5/9/2014 10:11:00 AM Board recommends approval for rezoning of Dawn Acres property Public hearings for a rezoning request and development plan will be held during town council's meeting on Thursday, May 8
by Annette Joyce staff writer
STOKESDALE - The Stokesdale Planning Board met Thursday, May 1, to review requests for the construction of a new cell tower, the rezoning of a portion of the Dawn Acres Golf Course property, and a proposed residential development plan for that same property.
In its first order of business, the board heard a site plan case from American Tower for a 195-foot cell tower to be erected at 7537 N.C. 68, located about 2,000 feet north of Haw River.
Guilford County planner Les Eger noted American Tower was required to prove no other way existed to provide standard cellular coverage.
"I did come to the conclusion that locating on the surrounding towers would not give them the standard level of coverage that was needed," Eger said.
American Tower's attorney presented the company's justification for the tower. The planning board asked several questions about the tower's appearance and radiation output before voting unanimously to approve the request. In this case, the board's decision is final and American Tower can move forward with constructing the cell tower.
The next case involved the rezoning of 113.8 acres, currently occupied by Dawn Acres Golf Course, from AG (agricultural) to PD-R (Planned Development-Residential). If rezoned, local developer Kevan Combs plans to develop the property for 80 homes. Although neighborhood businesses are allowed in a PD-R development, Combs says he will develop the property for residential use only.
The Stokesdale Future Land Use Plan recommends that lots in residential developments be a minimum of 40,000 square feet; the most common residential zoning district within the town, RS-40, is consistent with this.
Although a PD-R zoning would allow Combs to build individual homes on lots as small as 20,000 square feet, in exchange for the smaller lots there must be enough accompanying open space and common areas to ensure the same average lot density as in an RS-40 district.
Chris Rohrer is president of Land Solutions in northwest Greensboro, the land surveying and design firm that is working with Combs on the proposed development.
"Our plan is clearly not designed on how many houses we can get (on a piece of land)," Rohrer told the planning board during the public hearing for the rezoning. "It's designed on a really great layout that considers topography, ponds, streams, open space and how we bring all that together to create an appropriate design."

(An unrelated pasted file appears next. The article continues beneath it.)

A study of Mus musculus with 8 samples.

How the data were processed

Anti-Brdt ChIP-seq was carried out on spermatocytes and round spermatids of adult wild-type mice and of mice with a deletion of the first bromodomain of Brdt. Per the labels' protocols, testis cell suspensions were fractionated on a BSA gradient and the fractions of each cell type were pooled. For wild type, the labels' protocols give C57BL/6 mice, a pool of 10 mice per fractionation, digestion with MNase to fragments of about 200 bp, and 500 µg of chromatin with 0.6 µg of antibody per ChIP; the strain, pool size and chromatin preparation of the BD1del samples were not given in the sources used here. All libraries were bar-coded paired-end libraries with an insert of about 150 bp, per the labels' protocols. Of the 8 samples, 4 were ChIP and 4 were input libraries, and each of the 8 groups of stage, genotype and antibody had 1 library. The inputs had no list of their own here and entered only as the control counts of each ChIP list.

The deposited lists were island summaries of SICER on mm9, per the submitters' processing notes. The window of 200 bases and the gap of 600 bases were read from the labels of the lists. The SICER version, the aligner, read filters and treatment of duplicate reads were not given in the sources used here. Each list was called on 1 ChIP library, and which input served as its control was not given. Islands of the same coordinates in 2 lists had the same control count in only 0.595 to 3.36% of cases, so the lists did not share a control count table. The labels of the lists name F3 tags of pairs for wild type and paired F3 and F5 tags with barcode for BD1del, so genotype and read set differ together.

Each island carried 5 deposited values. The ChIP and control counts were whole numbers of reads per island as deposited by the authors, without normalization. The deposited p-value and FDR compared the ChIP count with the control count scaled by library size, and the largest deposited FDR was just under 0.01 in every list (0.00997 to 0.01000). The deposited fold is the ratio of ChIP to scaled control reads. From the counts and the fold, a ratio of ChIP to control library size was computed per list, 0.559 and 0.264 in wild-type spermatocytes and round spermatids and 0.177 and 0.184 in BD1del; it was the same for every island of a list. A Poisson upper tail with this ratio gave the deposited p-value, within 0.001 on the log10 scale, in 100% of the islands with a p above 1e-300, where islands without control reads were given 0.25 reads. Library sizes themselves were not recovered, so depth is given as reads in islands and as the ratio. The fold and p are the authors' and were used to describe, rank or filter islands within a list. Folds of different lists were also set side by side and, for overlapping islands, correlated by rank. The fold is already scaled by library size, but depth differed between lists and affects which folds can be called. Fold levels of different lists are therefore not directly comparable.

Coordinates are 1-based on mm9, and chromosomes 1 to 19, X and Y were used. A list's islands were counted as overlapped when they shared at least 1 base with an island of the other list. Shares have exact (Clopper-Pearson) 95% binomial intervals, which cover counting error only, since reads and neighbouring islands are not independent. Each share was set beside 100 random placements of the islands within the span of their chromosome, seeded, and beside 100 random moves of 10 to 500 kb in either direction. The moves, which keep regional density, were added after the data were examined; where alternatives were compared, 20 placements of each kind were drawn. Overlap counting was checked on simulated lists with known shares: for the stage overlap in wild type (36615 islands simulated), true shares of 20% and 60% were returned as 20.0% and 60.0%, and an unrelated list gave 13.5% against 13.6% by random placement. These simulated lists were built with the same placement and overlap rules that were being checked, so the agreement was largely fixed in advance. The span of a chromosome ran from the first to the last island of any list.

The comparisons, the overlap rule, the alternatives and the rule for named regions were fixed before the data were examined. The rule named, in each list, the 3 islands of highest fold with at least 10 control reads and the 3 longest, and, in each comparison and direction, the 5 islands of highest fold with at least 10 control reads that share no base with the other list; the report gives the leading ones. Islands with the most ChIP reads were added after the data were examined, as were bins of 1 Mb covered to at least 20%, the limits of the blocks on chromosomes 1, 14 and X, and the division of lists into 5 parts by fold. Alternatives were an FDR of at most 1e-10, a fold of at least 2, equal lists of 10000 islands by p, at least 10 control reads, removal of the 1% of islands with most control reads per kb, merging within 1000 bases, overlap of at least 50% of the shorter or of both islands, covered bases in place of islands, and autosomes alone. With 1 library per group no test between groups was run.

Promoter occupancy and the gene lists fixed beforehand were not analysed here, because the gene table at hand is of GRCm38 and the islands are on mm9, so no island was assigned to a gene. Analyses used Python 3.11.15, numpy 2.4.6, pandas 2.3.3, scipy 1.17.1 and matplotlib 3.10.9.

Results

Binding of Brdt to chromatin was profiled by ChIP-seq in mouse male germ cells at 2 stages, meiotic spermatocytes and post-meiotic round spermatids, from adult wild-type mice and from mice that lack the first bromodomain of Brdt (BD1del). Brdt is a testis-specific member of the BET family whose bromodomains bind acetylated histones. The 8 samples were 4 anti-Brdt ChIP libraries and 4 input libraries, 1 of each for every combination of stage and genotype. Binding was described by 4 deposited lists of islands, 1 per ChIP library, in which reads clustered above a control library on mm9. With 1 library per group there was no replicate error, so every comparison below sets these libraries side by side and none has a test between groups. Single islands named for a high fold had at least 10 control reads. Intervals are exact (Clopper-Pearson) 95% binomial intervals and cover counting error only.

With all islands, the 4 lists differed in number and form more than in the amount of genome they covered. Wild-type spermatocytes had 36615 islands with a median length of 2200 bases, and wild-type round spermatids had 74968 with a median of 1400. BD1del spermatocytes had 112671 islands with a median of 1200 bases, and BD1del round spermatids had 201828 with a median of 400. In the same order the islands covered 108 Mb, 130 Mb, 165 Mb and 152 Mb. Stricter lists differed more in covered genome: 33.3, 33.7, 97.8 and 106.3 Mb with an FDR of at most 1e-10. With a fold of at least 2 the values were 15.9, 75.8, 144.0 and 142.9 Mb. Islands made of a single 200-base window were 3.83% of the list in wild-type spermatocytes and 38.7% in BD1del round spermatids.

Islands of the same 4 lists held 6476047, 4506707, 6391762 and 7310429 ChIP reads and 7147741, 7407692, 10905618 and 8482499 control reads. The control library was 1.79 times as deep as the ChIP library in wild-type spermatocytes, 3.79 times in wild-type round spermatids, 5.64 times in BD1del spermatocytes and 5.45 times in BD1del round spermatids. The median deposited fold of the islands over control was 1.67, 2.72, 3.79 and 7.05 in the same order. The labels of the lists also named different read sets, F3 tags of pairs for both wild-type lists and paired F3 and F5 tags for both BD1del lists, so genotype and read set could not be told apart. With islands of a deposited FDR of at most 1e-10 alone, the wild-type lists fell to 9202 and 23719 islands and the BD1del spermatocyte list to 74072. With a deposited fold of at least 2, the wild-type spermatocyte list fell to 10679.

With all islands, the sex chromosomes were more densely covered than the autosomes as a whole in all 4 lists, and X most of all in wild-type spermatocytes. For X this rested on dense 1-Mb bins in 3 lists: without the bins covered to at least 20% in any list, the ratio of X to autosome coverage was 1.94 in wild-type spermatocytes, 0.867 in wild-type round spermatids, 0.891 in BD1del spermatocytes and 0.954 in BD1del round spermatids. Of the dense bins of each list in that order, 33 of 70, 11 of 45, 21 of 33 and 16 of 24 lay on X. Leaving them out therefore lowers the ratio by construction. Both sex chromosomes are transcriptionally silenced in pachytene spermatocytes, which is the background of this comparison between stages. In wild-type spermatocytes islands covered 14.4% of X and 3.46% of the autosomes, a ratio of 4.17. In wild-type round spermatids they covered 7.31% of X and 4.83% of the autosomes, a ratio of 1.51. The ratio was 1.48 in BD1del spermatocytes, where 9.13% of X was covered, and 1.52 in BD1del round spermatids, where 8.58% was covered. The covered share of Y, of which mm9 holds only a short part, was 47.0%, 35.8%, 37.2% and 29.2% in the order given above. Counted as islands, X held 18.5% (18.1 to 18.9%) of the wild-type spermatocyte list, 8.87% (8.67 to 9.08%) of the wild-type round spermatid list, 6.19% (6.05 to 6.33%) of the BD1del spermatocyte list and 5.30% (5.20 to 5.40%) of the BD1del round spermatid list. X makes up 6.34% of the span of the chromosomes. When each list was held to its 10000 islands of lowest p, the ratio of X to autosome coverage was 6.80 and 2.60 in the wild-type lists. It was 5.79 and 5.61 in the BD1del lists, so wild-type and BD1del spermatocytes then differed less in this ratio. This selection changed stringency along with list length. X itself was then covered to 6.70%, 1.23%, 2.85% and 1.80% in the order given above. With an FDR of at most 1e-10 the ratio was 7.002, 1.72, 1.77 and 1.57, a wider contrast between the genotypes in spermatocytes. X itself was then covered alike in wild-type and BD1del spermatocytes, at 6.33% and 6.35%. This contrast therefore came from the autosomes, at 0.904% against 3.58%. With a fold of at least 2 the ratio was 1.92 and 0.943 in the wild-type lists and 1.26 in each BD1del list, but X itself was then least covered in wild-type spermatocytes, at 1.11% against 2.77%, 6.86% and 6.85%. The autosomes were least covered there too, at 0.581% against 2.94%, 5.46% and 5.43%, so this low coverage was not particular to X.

Combs gave the planning board another reason as to why PD-R zoning should be approved for this particular property.
"That's the only way that land can be developed residentially," Combs said, explaining that golf courses are heavily graded, which eliminates a lot of perkable land. After performing soil analysis, he discovered there were only "three or four pockets of good soil" suitable for off-site septic. The open space required by PD-R zoning would allow the space needed for centralized septic.
Although some citizens asked questions about the proposed development, none spoke in opposition to it.
At the close of discussion, board member Stewart Hommel motioned to recommend denying the rezoning based on staff's recommendation to deny it, that the request did not meet the land use plan recommendations, and the proposed development's close proximity to the Pine Needles "tank farm," which he saw as a safety issue. Though Patrick Sullivan seconded the motion, no one else voted in favor of it.
The board ultimately voted 5-2 to recommend approval of the rezoning request (Hommel and Sullivan opposed).
Two other cases heard were the Unified Development Plan and subdivision case for the proposed residential development, which outlined where the lots, streets and open areas would be located on the property. Both were unanimously recommended for approval.
Want to go?
Public hearings for the rezoning request, development and subdivision plans will be held during Stokesdale Town Council's meeting on May 8, 7 p.m., at the town hall on Angel Pardue Road.